By Fr. Brian Paulson, SJ
After his intense months of prayer in the cave at Manresa, Spain, outside of Barcelona, Iñigo of Loyola went on a voyage across the Mediterranean to the Holy Land as a pilgrim. So intense was his love for Jesus that Iñigo felt a deep desire to physically be where Christ was known to have lived, suffered, died, and rose from the dead. One of the places Iñigo visited was the small medieval Chapel of the Ascension on the Mount of Olives. According to tradition, this chapel was built around an imprint of the feet of Jesus left in the rock when he ascended into heaven.
I had the privilege last May of making my own pilgrimage to the Holy Land, along with five other Jesuit provincials and Fr. Timothy Kesicki, SJ, the president of the Jesuit Conference of Canada and the United States, under the inspiring guidance of Fr. Brendan Lally, SJ, who has led dozens of pilgrimages to the Holy Land. Like St. Ignatius, I too had the privilege of placing my hands in the imprint where tradition tells us the feet of Jesus left a mark just before he ascended to heaven 40 days after his resurrection.
We spent six amazing days in Galilee, followed by a day of travel through Qumran near the Dead Sea, to Jerusalem, where we spent four days, including a day trip to Bethlehem.
Before I left on my pilgrimage, Fr. Michael Sparough, SJ, a friend of mine who is a noted retreat director and has served as a chaplain on many pilgrimages to the Holy Land, suggested to me that I would pray Ignatian contemplations of biblical passages with new eyes after having experienced this pilgrimage. How right he was! Swimming in the Sea of Galilee and eating fish out of that lake each evening are experiences I will never forget—and that will enter into my prayer for years to come.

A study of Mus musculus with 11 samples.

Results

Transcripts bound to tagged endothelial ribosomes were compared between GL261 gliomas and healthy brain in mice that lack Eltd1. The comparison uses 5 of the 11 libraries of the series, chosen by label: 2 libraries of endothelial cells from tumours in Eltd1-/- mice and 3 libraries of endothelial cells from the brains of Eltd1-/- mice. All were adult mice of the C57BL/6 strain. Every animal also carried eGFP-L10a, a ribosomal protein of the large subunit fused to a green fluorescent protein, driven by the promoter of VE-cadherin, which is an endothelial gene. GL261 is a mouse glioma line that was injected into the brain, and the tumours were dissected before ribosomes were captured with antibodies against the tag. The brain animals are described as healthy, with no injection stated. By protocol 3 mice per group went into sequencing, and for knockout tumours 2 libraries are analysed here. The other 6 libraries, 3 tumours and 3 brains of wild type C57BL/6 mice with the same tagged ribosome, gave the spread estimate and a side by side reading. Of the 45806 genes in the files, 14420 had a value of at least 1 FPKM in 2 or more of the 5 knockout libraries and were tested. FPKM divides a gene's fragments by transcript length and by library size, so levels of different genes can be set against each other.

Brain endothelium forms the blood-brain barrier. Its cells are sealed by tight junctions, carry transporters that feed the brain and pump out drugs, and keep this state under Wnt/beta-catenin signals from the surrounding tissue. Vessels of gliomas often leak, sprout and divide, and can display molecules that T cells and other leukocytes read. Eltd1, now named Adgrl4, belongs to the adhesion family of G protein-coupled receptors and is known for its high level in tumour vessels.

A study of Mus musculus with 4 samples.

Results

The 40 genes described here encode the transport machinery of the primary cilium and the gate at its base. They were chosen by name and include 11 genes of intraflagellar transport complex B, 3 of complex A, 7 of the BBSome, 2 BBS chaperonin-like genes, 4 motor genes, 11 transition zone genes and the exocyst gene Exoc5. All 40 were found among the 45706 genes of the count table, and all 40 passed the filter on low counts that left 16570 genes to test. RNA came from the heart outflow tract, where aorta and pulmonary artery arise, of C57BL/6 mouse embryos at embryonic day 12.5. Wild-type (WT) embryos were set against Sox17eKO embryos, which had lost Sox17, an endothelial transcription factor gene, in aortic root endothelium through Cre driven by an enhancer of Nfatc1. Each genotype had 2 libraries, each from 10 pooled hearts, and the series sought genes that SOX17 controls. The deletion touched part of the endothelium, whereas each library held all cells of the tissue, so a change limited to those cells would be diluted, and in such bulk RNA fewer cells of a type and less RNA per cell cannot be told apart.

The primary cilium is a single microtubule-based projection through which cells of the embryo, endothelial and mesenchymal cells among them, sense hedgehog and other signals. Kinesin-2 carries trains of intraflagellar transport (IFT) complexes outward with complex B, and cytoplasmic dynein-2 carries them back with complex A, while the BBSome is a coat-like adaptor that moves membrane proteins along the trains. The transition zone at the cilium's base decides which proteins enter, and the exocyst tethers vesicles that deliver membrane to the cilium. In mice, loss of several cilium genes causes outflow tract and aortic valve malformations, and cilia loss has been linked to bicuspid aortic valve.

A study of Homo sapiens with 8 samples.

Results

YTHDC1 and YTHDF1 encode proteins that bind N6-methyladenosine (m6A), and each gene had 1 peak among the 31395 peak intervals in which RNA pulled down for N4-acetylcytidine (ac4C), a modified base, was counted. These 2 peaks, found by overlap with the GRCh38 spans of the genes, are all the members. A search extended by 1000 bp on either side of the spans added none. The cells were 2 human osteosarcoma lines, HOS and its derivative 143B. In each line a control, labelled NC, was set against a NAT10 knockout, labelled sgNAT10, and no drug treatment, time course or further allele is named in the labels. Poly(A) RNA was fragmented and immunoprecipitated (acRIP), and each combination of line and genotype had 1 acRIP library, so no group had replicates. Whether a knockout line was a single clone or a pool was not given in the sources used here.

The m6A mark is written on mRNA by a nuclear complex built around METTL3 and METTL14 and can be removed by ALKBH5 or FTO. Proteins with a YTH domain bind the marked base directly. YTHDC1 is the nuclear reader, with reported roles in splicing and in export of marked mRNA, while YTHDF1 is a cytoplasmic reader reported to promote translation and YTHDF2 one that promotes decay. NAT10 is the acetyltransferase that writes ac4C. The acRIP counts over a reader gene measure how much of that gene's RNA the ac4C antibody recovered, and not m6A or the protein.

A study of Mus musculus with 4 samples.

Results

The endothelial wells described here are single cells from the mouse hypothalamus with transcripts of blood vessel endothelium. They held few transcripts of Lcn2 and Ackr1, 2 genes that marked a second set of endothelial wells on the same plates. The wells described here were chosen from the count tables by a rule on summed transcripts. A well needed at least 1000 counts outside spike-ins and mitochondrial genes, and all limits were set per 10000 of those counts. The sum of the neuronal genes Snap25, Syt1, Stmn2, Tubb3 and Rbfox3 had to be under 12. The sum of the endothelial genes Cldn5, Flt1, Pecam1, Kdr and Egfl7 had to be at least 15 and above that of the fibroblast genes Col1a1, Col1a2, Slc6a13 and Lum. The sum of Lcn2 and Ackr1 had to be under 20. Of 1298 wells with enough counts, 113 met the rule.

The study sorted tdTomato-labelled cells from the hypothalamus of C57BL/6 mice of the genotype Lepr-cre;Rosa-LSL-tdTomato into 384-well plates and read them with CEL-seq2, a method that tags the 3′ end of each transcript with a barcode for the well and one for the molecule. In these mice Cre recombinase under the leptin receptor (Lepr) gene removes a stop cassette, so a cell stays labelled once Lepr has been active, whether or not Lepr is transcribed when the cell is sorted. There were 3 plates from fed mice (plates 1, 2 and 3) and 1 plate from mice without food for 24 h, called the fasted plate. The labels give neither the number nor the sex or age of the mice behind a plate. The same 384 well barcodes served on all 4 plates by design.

One of the most grace-filled moments of our time together was prayerfully, in silence, walking down the Mount of the Beatitudes, toward the Sea of Galilee. Earlier, we celebrated the Eucharist together outdoors, on top of the mount, near the church and beautiful gardens which commemorate the events of Christ’s life which took place there. But what seemed most remarkable to me was that while the hill is just an ordinary hill, the sense that we were on sacred ground was palpable. It might have taken us 20 minutes to prayerfully walk down the hill. There were several places—little plateaus—where one could imagine hundreds or thousands of people gathered for the Sermon on the Mount or the multiplication of the loaves and fishes. The hillside was green. The views were spectacular. Near the bottom of the hill—but still a hundred or so feet above ground level—there was a cave-like overhang where it is said that Jesus would retreat to pray. We too took time to pray in that very cave, taking in the same view that Jesus would have enjoyed about 2000 years ago.
For those of us who call ourselves companions of Jesus, walking in the footsteps of Jesus and of St. Ignatius gives our lives meaning, hope, spiritual energy, and direction. I am deeply grateful to be on this journey with my brother Jesuits and with our colleagues, friends, and benefactors near and far.